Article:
How Many National Parks Are in Alaska?
Alaska is home to 8 U.S. National Parks, not to mention many other National Monuments, National Preserves, and Historical Parks.
Learn more about each park in our detailed blog post below.
List of National Parks in Alaska
The eight National Parks in Alaska are Denali, Katmai, Glacier Bay, Wrangell-St. Elias, Kenai Fjords, Lake Clark, and Gates of the Arctic.
National Parks of Alaska with John Hall’s Alaska
Do you want to witness Alaska’s National Parks firsthand? With John Hall’s Alaska – you can! Join our 14-day National Parks of Alaska tour with visits to Lake Clark, Katmai, Wrangell-St. Elias, Gates of the Arctic, Denali, and Kenai Fjords National Park. Learn more here.
Denali National Park and Preserve
The vast landscapes of Denali National Park are rendezvous for wildlife large and small the park’s six million acres provide an unrivaled place to see wild animals from high alpine tundra all the way down into lowland taiga forests. Home to Denali, the highest mountain peak in North America, the park is also known for its legendary wildlife such as moose, caribou, bears, and wolves!
Kenai Fjords National Park
The Harding Icefield is the most extensive ice-covered area in North America. It’s no wonder that this vast expanse of frozen water, known as Kenai Fjords National Park has been declared one of Alaska’s greatest natural wonders and home to an array of animal species including bears!
Wrangell-St. Elias National Park and Preserve
This park holds so much beauty! According to NPS.gov, “Wrangell, at 14,163 feet, is one of the largest active volcanoes in North America. The Nabesna Glacier, at approximately 53 miles, is the longest valley glacier in North America and the world’s longest interior valley glacier.”
Katmai National Park and Preserve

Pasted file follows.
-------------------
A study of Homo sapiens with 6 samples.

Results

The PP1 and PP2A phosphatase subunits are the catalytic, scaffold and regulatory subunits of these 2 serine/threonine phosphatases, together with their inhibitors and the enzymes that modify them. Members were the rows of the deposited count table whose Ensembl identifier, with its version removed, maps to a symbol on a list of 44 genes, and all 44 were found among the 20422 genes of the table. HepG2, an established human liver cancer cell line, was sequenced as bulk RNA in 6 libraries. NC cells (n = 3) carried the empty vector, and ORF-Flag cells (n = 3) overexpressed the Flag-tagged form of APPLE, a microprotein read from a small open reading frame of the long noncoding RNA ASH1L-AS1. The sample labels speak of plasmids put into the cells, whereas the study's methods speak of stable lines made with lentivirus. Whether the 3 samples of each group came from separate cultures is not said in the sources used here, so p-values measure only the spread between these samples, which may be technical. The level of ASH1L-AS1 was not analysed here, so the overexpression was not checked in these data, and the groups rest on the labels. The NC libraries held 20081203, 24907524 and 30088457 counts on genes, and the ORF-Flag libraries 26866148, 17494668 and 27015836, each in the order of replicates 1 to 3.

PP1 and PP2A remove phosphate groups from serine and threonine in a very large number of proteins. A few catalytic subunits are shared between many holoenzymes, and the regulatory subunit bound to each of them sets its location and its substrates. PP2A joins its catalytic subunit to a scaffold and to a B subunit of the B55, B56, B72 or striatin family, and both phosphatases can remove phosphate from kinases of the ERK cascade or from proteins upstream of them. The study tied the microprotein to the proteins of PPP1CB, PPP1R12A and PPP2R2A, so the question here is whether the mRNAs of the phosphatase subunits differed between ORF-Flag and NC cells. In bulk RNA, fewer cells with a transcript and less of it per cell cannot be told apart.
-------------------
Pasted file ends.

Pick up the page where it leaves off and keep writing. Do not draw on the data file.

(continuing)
Katmai National Park and Preserve has been a preserve of America’s natural beauty since 1980. The park is not only famous for its volcanoes, but also for brown bears that live in the area and pristine waterways with an abundance of fish.
Kobuk Valley National Park
This National Park is very different from the rest of the National Parks in Alaska, with its massive dunes; Great Kobuk Sand Dunes is the largest active high-latitude dry climate desert on Earth. Animals found at this park include brown bears, caribou, and muskox.
Gates of the Arctic National Park and Preserve
“The purpose of Gates of the Arctic National Park and Preserve is to preserve the vast, wild, undeveloped character and environmental integrity of Alaska’s central Brooks Range and to provide opportunities for wilderness recreation.” – From NPS.gov
Lake Clark National Park and Preserve
The beauty of Lake Clark National Park and Preserve is its pure rugged wilderness. There are no roads leading to the park and it can only be accessed by boat or small plane. It is known for its volcanoes, steams, mountains, salmon runs, and where you can find bears foraging.
Glacier Bay National Park
Glacier Bay National Park is a land of wonder, beauty, and an astounding 1,045 tidewater and terrestrial glaciers. Designated as a UNESCO World Heritage Site in 1979, Glacier Bay was inscribed as a Biosphere Reverse in 1986. Within the park are two Tlingit ancestral homelands, the park works closely with local Native American communities to manage this protected area.
Largest National Park in Alaska
Wrangell-St. Elias National Park and Preserve is the largest National Park in Alaska. With 13.2 million acres of wilderness, mountains, and wildlife – this National Park is one to add to your bucket list!
Overview: How Many National Parks Are in Alaska?
Alaska is a land of rugged natural wilderness beauty, and the eight National Parks we’ve highlighted are some of the best examples. If you haven’t had a chance to visit any of these parks yet, we highly recommend adding them to your travel bucket list. From Denali National Park’s soaring peaks to Kenai Fjords National Park’s glacier-carved coastline, Alaska is home to some of the most awe-inspiring landscapes in the world.
Book your National Parks of Alaska tour with John Hall’s Alaska today!